Virtually the only thing I dislike about Tuscany is going there with a return ticket. There are few more-agreeable ways to spend time than strolling through the great cities of Lucca, Pisa, Siena and Florence. But for me, the supreme pleasure is puttering along country ...

Virtually the only thing I dislike about Tuscany is going there with a return ticket. There are few more-agreeable ways to spend time than strolling through the great cities of Lucca, Pisa, Siena and Florence. But for me, the supreme pleasure is puttering along country roads through one of the most distinctive and civilized landscapes in the world. A patchwork of wine and olive estates dominates the Chianti district, a romantic 40-mile swath between Florence and Siena. Memorable sites include the picture-book wine villages of Castellina, Radda and Volpaia, plus the 13th-century fortress hamlet of Vertine; the ancient abbey-wine estate of Badia a Coltibuono (eight miles east of Radda); and majestic Castello di Brolio (13 miles southeast of Radda, near San Regolo). Outside the Chianti Classico area lies Monteriggioni (described in Dante’s “Inferno”) and the picturesque medieval city of San Gimignano. The Val d’Orcia wine region of southern Tuscany begins 45 minutes southeast of Siena, its vineyards producing celebrated reds such as the full-bodied Brunello di Montalcino and the refined Vino Nobile di Montepulciano. 

Generally, we choose fall for our Tuscan rambles — when the summer crowds have gone home — but I also enjoy traveling in late spring, when mornings see the mist dissolve to reveal groves of silvery olives stirred by a gentle breeze and pale-green vineyards with newly unfolded leaves.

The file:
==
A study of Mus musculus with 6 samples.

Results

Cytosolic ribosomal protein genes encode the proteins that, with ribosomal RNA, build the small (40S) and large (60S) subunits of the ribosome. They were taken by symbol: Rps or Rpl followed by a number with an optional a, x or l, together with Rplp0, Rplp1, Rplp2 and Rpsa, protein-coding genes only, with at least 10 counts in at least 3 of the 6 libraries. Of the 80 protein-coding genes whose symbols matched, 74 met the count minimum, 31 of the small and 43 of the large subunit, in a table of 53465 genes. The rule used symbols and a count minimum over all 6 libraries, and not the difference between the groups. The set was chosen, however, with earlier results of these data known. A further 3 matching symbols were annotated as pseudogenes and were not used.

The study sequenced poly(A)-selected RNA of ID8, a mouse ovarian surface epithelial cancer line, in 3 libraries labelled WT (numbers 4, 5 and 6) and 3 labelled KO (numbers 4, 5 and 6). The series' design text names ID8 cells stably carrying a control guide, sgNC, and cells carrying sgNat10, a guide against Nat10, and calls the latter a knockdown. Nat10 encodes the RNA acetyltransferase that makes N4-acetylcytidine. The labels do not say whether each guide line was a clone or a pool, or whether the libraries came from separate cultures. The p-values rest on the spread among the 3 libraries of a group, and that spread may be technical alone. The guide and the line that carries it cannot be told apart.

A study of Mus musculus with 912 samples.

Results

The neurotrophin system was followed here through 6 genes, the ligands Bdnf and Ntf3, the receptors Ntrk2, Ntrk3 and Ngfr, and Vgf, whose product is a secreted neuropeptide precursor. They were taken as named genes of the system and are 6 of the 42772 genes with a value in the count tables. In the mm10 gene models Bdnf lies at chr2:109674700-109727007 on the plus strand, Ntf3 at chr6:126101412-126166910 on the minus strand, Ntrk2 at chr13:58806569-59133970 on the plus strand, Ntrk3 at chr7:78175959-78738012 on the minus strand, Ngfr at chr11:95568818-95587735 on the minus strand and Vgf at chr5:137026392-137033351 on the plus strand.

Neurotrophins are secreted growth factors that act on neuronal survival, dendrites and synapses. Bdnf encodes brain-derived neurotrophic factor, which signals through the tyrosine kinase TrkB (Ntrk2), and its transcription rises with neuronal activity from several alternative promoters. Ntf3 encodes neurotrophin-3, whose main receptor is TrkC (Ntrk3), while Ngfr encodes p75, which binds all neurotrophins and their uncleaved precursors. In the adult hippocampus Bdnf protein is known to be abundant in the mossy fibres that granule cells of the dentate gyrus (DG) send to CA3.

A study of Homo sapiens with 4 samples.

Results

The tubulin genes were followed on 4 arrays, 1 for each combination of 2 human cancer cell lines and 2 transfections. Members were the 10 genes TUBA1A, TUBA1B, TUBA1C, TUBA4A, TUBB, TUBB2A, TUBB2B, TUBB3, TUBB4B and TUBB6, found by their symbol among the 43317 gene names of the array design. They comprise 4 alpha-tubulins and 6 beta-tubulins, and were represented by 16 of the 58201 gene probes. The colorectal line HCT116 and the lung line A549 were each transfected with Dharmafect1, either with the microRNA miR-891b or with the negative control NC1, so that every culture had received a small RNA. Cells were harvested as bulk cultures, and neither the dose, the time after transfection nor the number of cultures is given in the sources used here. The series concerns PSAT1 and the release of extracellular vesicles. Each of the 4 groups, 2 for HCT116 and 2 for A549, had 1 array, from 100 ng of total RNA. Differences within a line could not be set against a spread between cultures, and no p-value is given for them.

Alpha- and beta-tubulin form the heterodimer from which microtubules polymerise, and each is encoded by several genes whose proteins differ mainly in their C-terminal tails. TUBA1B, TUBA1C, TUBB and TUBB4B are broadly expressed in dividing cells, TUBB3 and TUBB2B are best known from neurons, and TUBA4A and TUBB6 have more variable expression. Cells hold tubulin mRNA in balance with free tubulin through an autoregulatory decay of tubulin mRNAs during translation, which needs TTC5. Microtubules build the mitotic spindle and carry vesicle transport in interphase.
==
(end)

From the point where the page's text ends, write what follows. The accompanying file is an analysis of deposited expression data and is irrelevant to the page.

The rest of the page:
Our Favorite Florentine Steak

The Officina della Bistecca (Via XX Luglio 11. Tel. (39) 055-852-020) in Panzano in Chianti is my favorite spot for bistecca alla Fiorentina, a rib steak of Tuscany’s famous Chianina beef prepared with flair by ebullient star butcher Dario Cecchini. The fixed menu begins with beef tartare and continues with several cuts of steak, seasonal vegetables, Tuscan beans with olive oil, roasted potatoes with onions, and olive-oil cake. You can bring your own wine or try the included “Italian military spirits.” Devoted carnivores might also enjoy taking the “Butcher for a Day” class.

A Private Tour of the Markets

For a taste of Tuscany, I recommend Divina Cucina’s one-day private market tours in Florence, offered Monday through Friday (book well in advance).

One of Italy's Best Pecorino Cheeses

Made from sheep’s milk, pecorino di Pienza — named for the town 35 miles southeast of Siena — is widely considered to be the best in Italy. We visited an artisanal producer, Fattoria PianPorcino, for a tour and a tasting. Its pecorino is softer and creamier than the familiar pecorino Romano. The cheese can be aged in different ways: combined with pepper, washed with tomato paste or wrapped in walnut leaves. Reserve your tasting in advance.

The Castello Monterinaldi Winery

At Castello Monterinaldi in Radda in Chianti, 26 miles south of Florence, winemaker and proprietor Daniele Ciampi took us on an extensive tour of the cellars, then led us through a comprehensive tasting. Monterinaldi offers a full range of programs for visitors, including a tour-and-tasting with lunch, a “Winemaker for a Day” experience, an intensive cooking class and a hiking tour of the estate followed by lunch.